Rules, rules, rules
"A new command I give you: Love one another. As I have loved you, so you must love one another." John 13.34
"Rules are for the obedience of fools and the guidance of wise men" is the dictum attributed to First World War fighter ace Harry Day. In the Second World War, Douglas Bader, another pilot who rose to fame because of his exploits in the air (despite losing both his legs), said something similar: "Don't listen to anyone who tells you that you can't do this or that. That's nonsense. Make up your mind, you'll never use crutches or a stick, then have a go at everything. Go to school, join in all the games you can. Go anywhere you want to. But never, never let them persuade you that things are too difficult or impossible."
One can imagine mavericks like our own Prime Minister and his soon-to-be former colleague over the pond rejoicing in such bullish sentiments. You might even be silently applauding yourself! But where do they sit in regard to the current situation regarding Coronavirus and, ultimately, in terms of living faithfully as disciples of Jesus? Because Jesus is another famous iconoclast!
The principle at stake is where to draw the line between blind obedience and common sense? On the news this morning, more debate about the plight of Dementia victims in care homes and whether it is right to deny them access to loved ones for the sake of safety - of staff and other residents, as well as their own and that of their loved ones? One might extend the dilemma to include the plight of nursery and school children and students, employees and entrepreneurs, artists and worshippers. Are we correct in our slavish adherence to government pronouncements? Can flouting those expert-imposed rules ever be justified?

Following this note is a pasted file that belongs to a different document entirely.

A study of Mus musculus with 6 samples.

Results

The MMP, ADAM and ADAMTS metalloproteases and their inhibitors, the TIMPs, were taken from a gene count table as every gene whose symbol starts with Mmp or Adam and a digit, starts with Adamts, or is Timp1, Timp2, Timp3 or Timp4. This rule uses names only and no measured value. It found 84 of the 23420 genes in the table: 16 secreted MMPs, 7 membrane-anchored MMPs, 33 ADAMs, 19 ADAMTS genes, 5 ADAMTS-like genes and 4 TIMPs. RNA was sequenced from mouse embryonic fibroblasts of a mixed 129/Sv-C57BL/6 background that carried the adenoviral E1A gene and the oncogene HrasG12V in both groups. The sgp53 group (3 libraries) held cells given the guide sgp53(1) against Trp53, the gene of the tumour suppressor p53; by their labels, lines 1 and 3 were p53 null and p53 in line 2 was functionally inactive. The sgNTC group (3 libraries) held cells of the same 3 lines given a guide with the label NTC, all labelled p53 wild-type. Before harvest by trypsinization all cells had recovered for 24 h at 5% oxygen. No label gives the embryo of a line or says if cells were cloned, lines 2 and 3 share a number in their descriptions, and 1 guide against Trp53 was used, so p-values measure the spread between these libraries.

Jesus' "new commandment" makes love for others the supreme yardstick and goal of community life. That is not always easily applied to the complexities of everyday decision-making. But it does mark a crucial distinction between doing or not doing something because it suits us and doing or not doing something because it is in the better interests of others - even when it is inconvenient or frustrating for ourselves. Jesus never allowed the disapproval of the Jewish authorities to thwart his ministry, the apostles did not let the persecution of the Romans prevent them from spreading the Gospel. Today more Christians than ever before are preferring persecution to the point of death to the easier option of denying their faith.
May we be worthy of their example in our own faithful response to the call of Christ and the needs of the world in this Covid bubble we find ourselves in - together.